Long reads

Weekend long reads – 22 December

Take some time this weekend to delve a bit deeper and enjoy these long reads.

Snow fall: The avalanche at Tunnel Creek – John Branch (New York Times)

The Cascades are among the craggiest of American mountain ranges, roughly cut, as if carved with a chain saw. In summer, the gray peaks are sprinkled with glaciers. In winter, they are smothered in some of North America’s deepest snowpack.

Best Practices for Raising Kids? Look to Hunter-Gatherers – Jared Diamond (The Daily Beast)

For example, if a baby was playing next to a fire, adults did not intervene. As a result, many adults in that society had burn scars, which were legacies of their behavior as infants.

Hipsters On Food Stamps, Part 1 – Anonymous (The Last Psychiatrist)

Those are two “hipsters”, and the punchline is that they pay for their foodie porn with foodie stamps, which sounds like it should be a terrible thing, except it’s in Salon.com, which means they’re going to try and tell you how it’s a good thing, which they don’t, because they can’t.  It’s madness.

Utopian for beginners :An amateur linguist loses control of the language he invented – Joshua Foer (The New Yorker)

In 2004, he published a monograph on the Internet that was titled “Ithkuil: A Philosophical Design for a Hypothetical Language.” Written like a linguistics textbook, the fourteen-page Web site ran to almost a hundred and sixty thousand words. It documented the grammar, syntax, and lexicon of a language that Quijada had spent three decades inventing in his spare time. Ithkuil had never been spoken by anyone other than Quijada, and he assumed that it never would be.

How fake images change our memory and behaviour – Rose Eveleth (BBC Future)

But human memory is far more like a desert mirage than a transcript – as we recall the past we are really just making meaning out of the flickering patterns of sights, smells and sounds we think we remember.

Human rites: Rituals bind us, in modern societies and prehistoric tribes alike. But can our loyalties stretch to all of humankind? – Harvey Whitehouse (aeon)

Strange objects — long stone knives, masks and other ritual regalia — lie tucked away from prying eyes, shrouded in darkness as surely as if they had been buried underground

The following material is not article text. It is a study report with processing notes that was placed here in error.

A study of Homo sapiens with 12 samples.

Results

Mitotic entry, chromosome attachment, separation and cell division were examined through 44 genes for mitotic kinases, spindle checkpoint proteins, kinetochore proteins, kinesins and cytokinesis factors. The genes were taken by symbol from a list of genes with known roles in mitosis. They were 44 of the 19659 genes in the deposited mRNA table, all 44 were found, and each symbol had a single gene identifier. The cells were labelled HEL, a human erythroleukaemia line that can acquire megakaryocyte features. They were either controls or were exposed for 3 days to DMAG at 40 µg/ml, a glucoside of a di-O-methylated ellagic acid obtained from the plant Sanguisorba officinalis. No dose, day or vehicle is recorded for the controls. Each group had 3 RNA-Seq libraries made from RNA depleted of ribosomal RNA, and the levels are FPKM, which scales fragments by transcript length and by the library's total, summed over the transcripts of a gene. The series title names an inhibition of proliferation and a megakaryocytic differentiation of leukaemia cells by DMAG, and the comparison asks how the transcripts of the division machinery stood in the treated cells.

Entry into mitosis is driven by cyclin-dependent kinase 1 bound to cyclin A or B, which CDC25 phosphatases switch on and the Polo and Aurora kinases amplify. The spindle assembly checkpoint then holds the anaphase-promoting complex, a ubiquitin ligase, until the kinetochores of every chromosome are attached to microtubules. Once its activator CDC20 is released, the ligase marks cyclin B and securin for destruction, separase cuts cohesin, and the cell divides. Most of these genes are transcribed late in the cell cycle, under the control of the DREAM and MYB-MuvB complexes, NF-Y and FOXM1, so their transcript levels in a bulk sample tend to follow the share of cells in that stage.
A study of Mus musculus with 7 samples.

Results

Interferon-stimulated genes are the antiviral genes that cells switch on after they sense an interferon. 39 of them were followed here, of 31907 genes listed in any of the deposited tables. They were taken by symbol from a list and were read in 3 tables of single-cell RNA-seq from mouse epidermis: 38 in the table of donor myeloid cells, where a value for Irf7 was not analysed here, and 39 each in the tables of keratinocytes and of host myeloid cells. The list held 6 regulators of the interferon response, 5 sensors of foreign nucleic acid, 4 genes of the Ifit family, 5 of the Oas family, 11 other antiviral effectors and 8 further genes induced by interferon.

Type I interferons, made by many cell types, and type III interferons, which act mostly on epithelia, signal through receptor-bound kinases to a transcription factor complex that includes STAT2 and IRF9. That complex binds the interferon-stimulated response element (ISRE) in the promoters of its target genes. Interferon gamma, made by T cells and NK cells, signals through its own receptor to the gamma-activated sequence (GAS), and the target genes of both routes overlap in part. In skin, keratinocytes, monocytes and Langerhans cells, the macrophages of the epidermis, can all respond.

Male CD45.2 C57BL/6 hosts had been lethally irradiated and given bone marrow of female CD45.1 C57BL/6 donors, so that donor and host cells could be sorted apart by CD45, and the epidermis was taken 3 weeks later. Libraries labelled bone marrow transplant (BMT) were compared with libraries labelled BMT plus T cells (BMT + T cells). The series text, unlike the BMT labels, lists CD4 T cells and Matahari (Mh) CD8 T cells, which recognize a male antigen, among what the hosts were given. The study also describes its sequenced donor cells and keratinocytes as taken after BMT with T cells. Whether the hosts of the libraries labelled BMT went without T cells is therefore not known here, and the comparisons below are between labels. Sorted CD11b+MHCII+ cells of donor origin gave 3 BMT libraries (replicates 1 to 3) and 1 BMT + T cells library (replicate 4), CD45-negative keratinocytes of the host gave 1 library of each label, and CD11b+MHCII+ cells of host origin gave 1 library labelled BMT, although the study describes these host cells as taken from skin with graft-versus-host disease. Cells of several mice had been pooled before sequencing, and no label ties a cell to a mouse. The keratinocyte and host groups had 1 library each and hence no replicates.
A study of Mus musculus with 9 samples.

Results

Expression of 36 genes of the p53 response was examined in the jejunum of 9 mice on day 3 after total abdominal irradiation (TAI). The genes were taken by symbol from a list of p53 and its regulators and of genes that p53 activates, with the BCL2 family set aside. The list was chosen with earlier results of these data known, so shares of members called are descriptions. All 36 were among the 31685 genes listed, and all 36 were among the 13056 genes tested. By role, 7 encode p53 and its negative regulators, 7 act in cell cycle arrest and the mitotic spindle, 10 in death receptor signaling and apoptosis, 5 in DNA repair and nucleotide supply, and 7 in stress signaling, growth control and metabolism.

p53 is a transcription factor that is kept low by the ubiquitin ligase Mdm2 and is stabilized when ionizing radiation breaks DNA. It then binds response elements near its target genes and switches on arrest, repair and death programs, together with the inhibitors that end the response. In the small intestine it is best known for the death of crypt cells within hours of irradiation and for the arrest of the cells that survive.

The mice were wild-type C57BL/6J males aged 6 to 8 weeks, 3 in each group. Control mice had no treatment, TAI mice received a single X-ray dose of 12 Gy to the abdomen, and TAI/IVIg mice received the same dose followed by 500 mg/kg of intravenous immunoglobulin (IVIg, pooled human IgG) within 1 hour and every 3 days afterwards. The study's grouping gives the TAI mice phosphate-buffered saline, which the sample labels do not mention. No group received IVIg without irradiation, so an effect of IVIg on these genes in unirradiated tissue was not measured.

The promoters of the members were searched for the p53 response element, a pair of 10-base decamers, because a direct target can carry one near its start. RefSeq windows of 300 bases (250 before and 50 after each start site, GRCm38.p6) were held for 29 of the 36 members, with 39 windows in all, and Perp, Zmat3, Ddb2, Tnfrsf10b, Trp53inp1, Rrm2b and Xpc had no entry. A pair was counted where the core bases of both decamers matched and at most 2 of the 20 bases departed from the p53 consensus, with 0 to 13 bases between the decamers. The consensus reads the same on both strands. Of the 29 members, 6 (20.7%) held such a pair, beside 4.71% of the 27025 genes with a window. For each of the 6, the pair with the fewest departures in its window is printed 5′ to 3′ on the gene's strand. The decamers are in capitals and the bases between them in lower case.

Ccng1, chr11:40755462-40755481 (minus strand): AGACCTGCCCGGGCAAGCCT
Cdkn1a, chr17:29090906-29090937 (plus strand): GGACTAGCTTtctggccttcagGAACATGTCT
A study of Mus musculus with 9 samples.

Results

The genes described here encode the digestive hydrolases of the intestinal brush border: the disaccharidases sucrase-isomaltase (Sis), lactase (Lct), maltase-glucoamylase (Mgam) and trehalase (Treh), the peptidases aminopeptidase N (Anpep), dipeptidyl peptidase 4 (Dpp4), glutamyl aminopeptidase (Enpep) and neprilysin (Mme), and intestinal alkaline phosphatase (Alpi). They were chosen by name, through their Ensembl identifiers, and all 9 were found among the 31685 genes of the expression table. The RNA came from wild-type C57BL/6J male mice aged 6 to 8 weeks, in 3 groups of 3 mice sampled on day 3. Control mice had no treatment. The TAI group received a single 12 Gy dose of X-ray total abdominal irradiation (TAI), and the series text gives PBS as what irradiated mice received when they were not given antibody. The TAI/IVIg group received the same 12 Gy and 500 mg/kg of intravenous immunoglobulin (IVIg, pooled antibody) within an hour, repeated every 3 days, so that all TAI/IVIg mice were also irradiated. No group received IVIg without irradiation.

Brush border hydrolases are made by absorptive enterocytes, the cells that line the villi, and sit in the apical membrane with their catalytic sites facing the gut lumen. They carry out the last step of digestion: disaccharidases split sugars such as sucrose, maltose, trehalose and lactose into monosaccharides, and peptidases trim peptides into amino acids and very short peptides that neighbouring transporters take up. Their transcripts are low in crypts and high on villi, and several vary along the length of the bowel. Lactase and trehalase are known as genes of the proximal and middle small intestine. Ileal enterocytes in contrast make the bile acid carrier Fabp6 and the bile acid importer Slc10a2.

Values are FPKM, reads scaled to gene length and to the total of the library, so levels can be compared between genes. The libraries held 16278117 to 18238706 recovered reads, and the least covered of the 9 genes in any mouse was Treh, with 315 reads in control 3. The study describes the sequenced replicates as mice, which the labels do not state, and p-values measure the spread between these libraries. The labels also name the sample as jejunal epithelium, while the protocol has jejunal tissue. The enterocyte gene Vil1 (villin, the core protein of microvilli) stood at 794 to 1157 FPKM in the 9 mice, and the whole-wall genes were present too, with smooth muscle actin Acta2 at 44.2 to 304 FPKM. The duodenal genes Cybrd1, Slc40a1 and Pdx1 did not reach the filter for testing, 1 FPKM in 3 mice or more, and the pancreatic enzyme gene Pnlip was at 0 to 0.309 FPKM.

Myers-Briggs test not all psychologists’ type – Lillian Cunningham (Sydney Morning Herald)

Now, 50 years after the first time anyone paid money for the test, the Myers-Briggs legacy is reaching the end of the family line. The youngest heirs don’t want it. And it’s not clear whether organisations should, either.

Too Big to See with the Naked Eye – Anne McClintock (Guernica)

By the middle of the year, climate numbers were tipping into record superlatives: hottest summer in human history, worst droughts, wildest fires, worst floods, highest rivers, worst storms, lowest rivers, worst winters, thinnest polar bears, fewest bees, and no more Lonesome George, the Galapagos tortoise, last of his kind, who died in June. And everywhere the stealthy rising of the seas. But one fact towered above the rest: the colossal melt of Greenland.

I’m Not The Product, But I Play One On The Internet – Derek Powazek (Powazek)

There are several subtextual assumptions present in “you are the product” I think are dangerous or just plain wrong that I’m going to attempt to tease out here. Many of these thoughts have been triggered by Instagram’s recent cluelessness, but they’re not limited to that.

10 non-violent ways to thwart a Westboro Baptist Church protest – Adrienne Crezo (Mental Floss)

This weekend the WBC’s spokesperson announced their plans to picket at the Sandy Hook Elementary School. Here are 10 nonviolent counterprotest techniques — used previously or newly planned — that we may see in action if Westboro shows up in Newtown.

 The Freedom of an Armed Society – Firmin Debrabander (New York Times Opinion Pages)

Furthermore, of the weapons that proliferate amongst the armed public, an increasing number are high caliber weapons (the weapon of choice in the goriest shootings in recent years). Then there is the legal landscape, which looks bleak for the gun control crowd.

 Saying goodbye to now – Thomas Beller (The New Yorker)

Right then, as she was airborne, my hand twitched and sla
pped my pocket, in the dim hope that I could locate my camera, pull it out, and shoot while the moment still held. But there was no camera, and anyway there was no time. I will never forget this image, though I may already be embellishing it. And you will never see it. You may picture it, but the picture itself was not taken. I had to fight off a sadness about this, because the moment, after all, was happening, and it was beautiful, and anything that detracted from my perception of that was a shame.

Judge, There’s a Grub In My Scoop – Bernard Lagan (The Global Mail)

Rather, Justice Rares hit the nail squarely, if rather too bluntly for some squeamish Canberra journos, writing: “It is more likely Mr Lewis was focused on obtaining good copy for stories to sell newspapers.”